AMSTERDAM—Veni, weedy, peachy.
I came, I smoked, I felt keen. Or possibly I turned into a peach. Frankly, my first foray into the warehouse housing the 26th High Times Cannabis Cup
put me in a vegetative state as I sampled my way through what I like to call the GABF. Beer enthusiasts know that acronym as Great American Beer Festival. But I'm a budding doobie bro now, having left puritanical Portland where marijuana and dancing are outlawed. So I think of it as the Great Amsterdam Bud Fest.
Cannabis Cup isn’t much different than what you’d imagine being at a pot expo would be like in any of the 48 states that have yet to legalize herb—vendors pedaling their wares and growers touting their seeds—but with one minor difference. And it’s like the difference between kicking the tires and going on a test drive.
So let’s skip past the demos of unbleached and organic rolling papers, pipes, and vaporizers, brush aside the grinder and the bubble bag merchants, and all the hemp fabric clothiers, and find me standing outside where a food truck is set up slinging burgers and something called patatje stoof.
I know the first word must mean potato-y something and the –je suffix implies diminutive the way Grolsch comes in bottles (fleis
and tiny bottles
? Perhaps it’s a stuffed potato or, more likely, stuuf, er, stoof on frites. So at worst it’s some kind of mayo. We’ve all seen Pulp Fiction
; that stuff’s real. I know double vowels in Dutch don’t make give them a long sound like in English, so it’s not going to be pronounced “stoo’f.” I take a stab at “stouf” and the cook replies with an assertive question, “Patat-che stœf
A moment later, he beckons and I pay €6.50. I’m handed a tray of frites ‘neath a meatslide that’s not pulled pork so much as beef stew. I take my first bite and I’m both amazed and furious. This is the best stuff ever and I don’t think it’s just the munchies talking. Why the hell didn’t anybody tell me about this sooner?
Patatje stoof? Patatje stoof. Patatje stoof!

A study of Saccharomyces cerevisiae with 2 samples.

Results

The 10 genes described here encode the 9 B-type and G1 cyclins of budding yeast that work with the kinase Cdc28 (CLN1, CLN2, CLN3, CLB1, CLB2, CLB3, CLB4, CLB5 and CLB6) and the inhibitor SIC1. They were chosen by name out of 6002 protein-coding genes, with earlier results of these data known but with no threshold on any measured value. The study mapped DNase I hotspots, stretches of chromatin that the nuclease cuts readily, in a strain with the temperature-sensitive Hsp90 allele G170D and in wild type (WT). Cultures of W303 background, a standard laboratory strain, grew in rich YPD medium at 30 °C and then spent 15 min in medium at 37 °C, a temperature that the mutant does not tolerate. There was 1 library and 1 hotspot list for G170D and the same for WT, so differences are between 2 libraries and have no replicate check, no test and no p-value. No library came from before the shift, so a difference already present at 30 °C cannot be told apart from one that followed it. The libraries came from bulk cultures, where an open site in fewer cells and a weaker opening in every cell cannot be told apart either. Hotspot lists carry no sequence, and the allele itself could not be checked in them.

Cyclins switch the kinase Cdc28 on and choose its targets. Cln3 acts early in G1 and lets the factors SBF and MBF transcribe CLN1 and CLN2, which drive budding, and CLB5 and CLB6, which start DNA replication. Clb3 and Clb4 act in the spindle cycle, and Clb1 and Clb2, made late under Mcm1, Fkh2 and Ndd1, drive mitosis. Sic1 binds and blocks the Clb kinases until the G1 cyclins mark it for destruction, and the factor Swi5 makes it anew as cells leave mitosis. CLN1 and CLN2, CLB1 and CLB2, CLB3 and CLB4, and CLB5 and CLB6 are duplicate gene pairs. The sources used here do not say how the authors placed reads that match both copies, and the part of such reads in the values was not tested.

Some might liken it to chili fries, others to poutine. But that’s like calling the Blazers of 2013 just like the 2011 Trailblazers but with Damian Lillard. Or saying Wham is just George Michael with some Andrew Ridgeley on top.
I start with evenly metered out nibbles. Within seconds, I’m not sure if I’m mowing down on it so hard because it’s tasty food or because it is a mermaid and I am some emaciated sub-aquatic vampire. I can’t tell if time has sped up or slowed down. Could I be noshing in freeze frame? After all, how could one small plate last a fortnight? Time becomes infinite and meaningless inside of the reggae beat pumping down from the speakers inside the adjoining lounge I enter to dine. Did I find myself jamming along, head swiveling, or does that occur only in my mind? Or do I actually like and get reggae now? Nooooooooooo.
"Holy fuck, get away."
But between that soundtrack and the video loop airing on multiple TV sets above me with trippy-colored images and memes—first of Michael Nesmith mega sideburned out, then an oedipal disco soap opera, then something that was either an erotic detergent commercial or PG porn—it dawns on me I’m fluffin’ baked. And I still have half a tray of patatje stoof l
eft and I may never come down.
The atmosphere wants me up—in the weed world this would be an Indica strain high—what with pixies and Tina Turner and what I can only describe as a gay Skeletor/Terminator
hybrid on TV. But I feel the paranoia sinking in—past the Sativa strain mellow and into a moodier realm—and wonder what was in that caramel-like edible I’d sampled. It seemed the size of a Starburst but the way the hawker exclaimed, “Oh, big piece” makes me contemplate the sagacity of scarfing it in a single bite. Also, reflecting on some dried sour apricots I brought as a snack, I realize that they’re absolutely one of my favorite foods of all time. Like, last-meal item good. I’m vibrating-knees deep into a three-hour high, a three-hour high, and ponder about opening a patatje stoof
cart when I move back to Stumptown.
By which point cannabis will be legal in Portland and you can see what this is all about.